Thursday 19 April 2012

Don't Cry For Me, Merseytarters

So what happens now?
So what happens now?
Where am I going to?
(You'll get by, you always have before)
Where am I going to?
Don't ask.  Anymore.
- from "Hello and Goodbye", Andrew Lloyd Webber/Tim Rice

Anyone who knows me is aware of my fondness for the film of Evita.  I saw it with my housemates when I was 20 and we developed a slight obsession.  While our contemporaries were sucking on bongs to Portishead, we were bouncing around the kitchen singing along to "Buenos Aries".  Of course, the presence of Antonio Banderas in his prime didn't harm things either.

(I am going somewhere with this).

Now and then little passages from the film will stick in my head and become mantras.  I was often struck by the phrase "forgive my intrusion, but fine as those sentiments sound/Little has changed for us peasants down here on the ground" whenever my boss would wheel out a new scheme or innovation that was like shuffling deckchairs on the Titanic.  And so it has been for the past week, as people have asked me, "so what happens now?"  The quote above - performed in the film by Andrea Corr, of The Beautiful Corrs - has been rattling round in my head like the last marble in the bag.  

So what happens now?

Firstly, I'm not going anywhere.  I love writing this blog, so it's going to continue.  It's just that it's going to have to change.  From now on, when I talk about Merseyrail, it'll be about those things that are changing, little snippets of news, projects.  Like Art on the Network, or the station refurbishments, or - fingers crossed - new lines and stations and trains.

Beyond that, I'm going to carry on exploring Merseyside's railway history, and its abandoned lines and stations, as I have done with the Birkenhead Dock and Overhead Railway lines in the last few months.  There's a whole cobweb of old railways all over the city, sometimes hidden, sometimes not, and I'd love to keep looking them over.  It'll give me a chance to explore places that are no longer on Liverpool's railway map - places like West Derby and Knotty Ash - as well as places that might be on it one day (Maghull North and Town Meadow, perhaps?).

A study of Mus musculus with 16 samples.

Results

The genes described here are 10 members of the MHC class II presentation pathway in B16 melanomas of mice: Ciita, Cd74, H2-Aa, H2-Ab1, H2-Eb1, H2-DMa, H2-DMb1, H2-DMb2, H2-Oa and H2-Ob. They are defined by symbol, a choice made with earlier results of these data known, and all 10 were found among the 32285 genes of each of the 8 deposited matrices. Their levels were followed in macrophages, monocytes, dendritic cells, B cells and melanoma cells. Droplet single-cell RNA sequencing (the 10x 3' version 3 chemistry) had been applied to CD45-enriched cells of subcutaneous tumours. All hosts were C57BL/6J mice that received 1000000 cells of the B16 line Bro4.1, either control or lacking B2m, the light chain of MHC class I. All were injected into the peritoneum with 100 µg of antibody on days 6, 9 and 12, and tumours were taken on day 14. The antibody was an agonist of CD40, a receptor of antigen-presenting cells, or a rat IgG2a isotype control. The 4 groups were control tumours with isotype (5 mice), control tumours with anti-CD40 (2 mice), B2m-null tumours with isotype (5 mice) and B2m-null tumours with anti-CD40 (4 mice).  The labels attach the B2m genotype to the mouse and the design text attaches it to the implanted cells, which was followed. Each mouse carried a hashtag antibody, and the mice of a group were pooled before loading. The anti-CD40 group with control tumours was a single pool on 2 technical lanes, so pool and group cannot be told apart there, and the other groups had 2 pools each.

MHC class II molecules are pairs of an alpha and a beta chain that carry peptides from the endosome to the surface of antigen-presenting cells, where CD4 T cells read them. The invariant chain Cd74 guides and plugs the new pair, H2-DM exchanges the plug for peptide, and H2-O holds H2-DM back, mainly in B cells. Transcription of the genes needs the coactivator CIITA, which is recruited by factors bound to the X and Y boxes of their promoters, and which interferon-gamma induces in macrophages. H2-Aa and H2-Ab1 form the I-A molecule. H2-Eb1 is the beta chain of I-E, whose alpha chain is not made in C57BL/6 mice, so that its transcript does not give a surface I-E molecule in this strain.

There will still be me fannying around in front of railway station signs as well.  I've got a trip planned for the week after next, similar to my Welsh Odyssey last year, which will mean four whole days of walking, riding, and up the nose shots of me and a British Rail logo.  There are some other local stations I'd like to check out, and some just plain oddities I'd love to explore - the Manchester Metrolink, for example.  I might even go back to the Merseyrail stations again just to see if they've changed (though that would probably only be in a slow week).

In the longer term, I do have a vague idea for another map-based project, but it's very much a thought at the moment, rather than an actual plan.  It might be just too ambitious.

What I'm saying is, unlike Peron's teenage mistress being kicked out of bed by Madonna in a pencil skirt, don't go anywhere.  I'm not.  Well, apart from the fact that I am going to places, but when I've been there, I'll come back here.  If you see what I mean.


diamond geezer said...

Phew, the quest continues.

But surely no map-based project is *too* ambitious... merely an extremely lengthy challenge.

Anonymous said...

Hooray the blog is carrying on! If I had the choice (and I realise that I do not) I'd be interested in your take on the railways of the Isle of Man.

Anonymous said...

An ambitious project might be a Merseyside version of Rails Around Birmingham. You've done a lot of the work already.

Scott Willison said...

I did actually think about the Isle of Man, but it's got such a rubbish service, I couldn't be bothered. It would take forever.